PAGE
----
Sunday, October 25, 2009

Dąbrowa Tarnowska

Saturday was a very exciting day for me since I was able to go a short trip away to Dąbrowa Tarnowska, which is the place where my Babcia grew up and started her family as a young adult.

*On skype* – Hey Babcia! Guess where I am! Dąbrowa Tarnowska.

Before leaving to Europe, many of my relatives became very excited of my close vicinity to Poland and literally gave me lists with addresses and phone numbers of people to visit and which family members lived where. Between Tarnów and Dąbrowa Tarnowska was where a large majority of my extended family lived, and for Saturday’s agenda, we almost had a back to back schedule of different houses to visit.

[ Family, boxes of photos and coffee to sit for long talks - the elements of a day meeting tons of family and learning about your relatives. ]

In total over the weekend I went to four different houses, each with a different connection back to my Babcia – different branches from Babcia’s older brothers or sisters. The visits were of course very nice – all of them with more coffee and plates of food – and full of everyone giving me big hugs and a lot of greetings and welcomes in Polish. Starting from Ciocia Maika on my first evening in Tarnów, I began to notice a trend with all of my extended family, and even people that vaguely knew my family in America.

Oh Krzysiu, you have your Babcia’s eyes.

After one look, I could tell this was Ania’s son.

And other observations with how much of a Partynski I was. [Babcia’s eyes? Ania later laughed with me that Polish people love to find similarities, or even think they find similarities, with family members]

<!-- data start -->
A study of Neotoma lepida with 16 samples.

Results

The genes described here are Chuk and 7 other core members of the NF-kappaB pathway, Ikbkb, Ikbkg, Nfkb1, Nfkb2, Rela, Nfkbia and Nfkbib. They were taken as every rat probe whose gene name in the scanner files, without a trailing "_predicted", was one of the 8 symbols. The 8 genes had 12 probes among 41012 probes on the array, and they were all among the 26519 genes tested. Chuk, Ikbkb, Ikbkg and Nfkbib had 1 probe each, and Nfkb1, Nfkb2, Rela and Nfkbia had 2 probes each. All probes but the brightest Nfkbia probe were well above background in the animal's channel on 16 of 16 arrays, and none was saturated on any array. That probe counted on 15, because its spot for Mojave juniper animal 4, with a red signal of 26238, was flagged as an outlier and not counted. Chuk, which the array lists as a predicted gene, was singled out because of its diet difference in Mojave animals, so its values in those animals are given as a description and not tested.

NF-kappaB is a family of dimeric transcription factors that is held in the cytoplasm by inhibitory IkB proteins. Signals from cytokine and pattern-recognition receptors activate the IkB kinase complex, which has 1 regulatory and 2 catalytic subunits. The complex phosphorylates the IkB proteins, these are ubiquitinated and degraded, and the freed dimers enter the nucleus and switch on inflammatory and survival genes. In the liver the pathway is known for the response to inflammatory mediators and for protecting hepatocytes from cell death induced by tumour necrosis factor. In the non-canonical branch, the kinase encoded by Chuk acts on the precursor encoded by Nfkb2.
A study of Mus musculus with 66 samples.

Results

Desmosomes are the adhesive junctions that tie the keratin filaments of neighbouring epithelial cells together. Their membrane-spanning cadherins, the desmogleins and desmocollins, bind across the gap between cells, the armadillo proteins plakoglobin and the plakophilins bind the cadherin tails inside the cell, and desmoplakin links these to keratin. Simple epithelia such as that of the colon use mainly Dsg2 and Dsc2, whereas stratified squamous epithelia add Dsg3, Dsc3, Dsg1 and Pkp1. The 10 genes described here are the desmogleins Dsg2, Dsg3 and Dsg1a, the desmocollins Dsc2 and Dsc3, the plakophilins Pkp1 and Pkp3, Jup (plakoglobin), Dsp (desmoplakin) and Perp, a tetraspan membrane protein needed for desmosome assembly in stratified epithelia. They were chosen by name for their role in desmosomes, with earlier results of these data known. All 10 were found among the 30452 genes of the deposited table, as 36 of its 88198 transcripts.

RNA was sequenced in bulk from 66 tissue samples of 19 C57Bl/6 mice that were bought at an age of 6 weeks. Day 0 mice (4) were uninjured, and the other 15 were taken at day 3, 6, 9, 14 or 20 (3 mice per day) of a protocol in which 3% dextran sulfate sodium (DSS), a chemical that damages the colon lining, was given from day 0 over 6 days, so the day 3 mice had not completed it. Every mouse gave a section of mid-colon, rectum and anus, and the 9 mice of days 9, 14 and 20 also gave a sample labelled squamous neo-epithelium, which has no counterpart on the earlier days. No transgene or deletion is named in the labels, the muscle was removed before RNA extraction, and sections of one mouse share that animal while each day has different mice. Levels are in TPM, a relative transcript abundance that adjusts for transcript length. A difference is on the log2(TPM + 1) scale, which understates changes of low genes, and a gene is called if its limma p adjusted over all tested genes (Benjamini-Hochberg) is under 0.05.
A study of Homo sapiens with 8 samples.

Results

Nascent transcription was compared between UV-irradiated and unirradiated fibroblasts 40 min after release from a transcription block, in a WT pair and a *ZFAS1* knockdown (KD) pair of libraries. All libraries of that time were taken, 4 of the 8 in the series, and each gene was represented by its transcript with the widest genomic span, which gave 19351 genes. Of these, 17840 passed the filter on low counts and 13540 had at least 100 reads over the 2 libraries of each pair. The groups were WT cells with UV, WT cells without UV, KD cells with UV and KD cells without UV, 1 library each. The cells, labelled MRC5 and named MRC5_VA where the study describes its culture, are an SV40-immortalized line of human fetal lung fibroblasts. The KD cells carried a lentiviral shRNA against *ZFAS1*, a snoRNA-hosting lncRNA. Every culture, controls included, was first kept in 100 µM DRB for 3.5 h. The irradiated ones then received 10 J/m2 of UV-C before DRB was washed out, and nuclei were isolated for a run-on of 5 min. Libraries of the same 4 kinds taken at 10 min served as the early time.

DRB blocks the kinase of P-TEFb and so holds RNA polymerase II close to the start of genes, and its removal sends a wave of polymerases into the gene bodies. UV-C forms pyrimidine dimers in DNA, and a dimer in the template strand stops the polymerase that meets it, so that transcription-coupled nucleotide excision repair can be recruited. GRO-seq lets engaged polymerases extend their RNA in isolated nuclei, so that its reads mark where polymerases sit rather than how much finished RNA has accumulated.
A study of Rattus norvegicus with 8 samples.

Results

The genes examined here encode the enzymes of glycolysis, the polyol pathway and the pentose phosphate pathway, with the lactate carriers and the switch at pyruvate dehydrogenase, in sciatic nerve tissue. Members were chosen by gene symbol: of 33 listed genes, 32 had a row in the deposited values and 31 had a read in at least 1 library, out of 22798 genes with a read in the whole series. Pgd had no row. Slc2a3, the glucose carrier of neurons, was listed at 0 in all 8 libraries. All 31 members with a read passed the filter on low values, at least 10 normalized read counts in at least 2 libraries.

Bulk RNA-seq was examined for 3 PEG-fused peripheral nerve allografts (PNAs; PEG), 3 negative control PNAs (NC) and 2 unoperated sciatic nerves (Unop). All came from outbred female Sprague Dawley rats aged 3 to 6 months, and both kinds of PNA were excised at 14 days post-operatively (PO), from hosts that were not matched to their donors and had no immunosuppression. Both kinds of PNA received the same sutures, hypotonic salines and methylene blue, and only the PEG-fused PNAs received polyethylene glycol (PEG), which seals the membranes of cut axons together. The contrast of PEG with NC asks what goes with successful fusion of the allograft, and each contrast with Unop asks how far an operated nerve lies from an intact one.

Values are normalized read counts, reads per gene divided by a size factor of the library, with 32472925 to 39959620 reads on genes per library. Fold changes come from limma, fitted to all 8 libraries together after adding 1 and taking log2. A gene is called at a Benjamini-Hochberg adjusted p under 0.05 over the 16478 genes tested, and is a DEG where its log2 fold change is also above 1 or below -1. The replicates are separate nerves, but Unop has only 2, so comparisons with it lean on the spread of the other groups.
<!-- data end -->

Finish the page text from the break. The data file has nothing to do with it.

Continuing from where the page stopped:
Hell, to my relatives, I might have my Mom’s face and Babcia’s eyes, but no one said anything about my nose – they probably kept that to themselves – those Crachiola’s gave that to him.

I could follow along with the Polish conversation around me – and I might even venture to say that it was getting better constantly hearing the language. Every family I went to was happy to hear though that learning Polish has been in my curriculum and I have plans to hopefully studying it in Poland in the future.

In the evening, at the final house we visited everyone wanted to see pictures of my family in America, so I showed them what I had on my hard-drive and, since they had internet, went online to find some more. As soon as I had connected to the internet, my skype began signaling a call from my parents and I knew they were in for a surprise. And actually I was in for a surprise myself – my Wujek Andrzej was in town in Troy and wanted to get in touch with me to see how Germany and Poland was going.

He didn’t just get me however, since almost 10 members of the family at the house were crowded around my back looking at the computer screen waving hi to Wujek, Babcia, my cousins, brother and parents. I thought it was so cool – there were almost 20 people involved in the entire conversation ranging 3 generations – The whole situation was exciting – one, for the amazing fact that skype is even possible – and secondly just the great feeling that my family is so big, loud and happy to see each other.

Going to Dąbrowa Tarnowska was something I knew was going to introduce me to an entire new perspective on my family – my very big, extended family where everyone is still called your cousin your Ciocia and your Wujek. Even if my conversations ranged from a few clumsy Polish phrases, to some choppy English to achieve understanding from my relatives, the entire day, while overwhelming, introduced me to an entirely new part of my life and background that I have to appreciate and discover.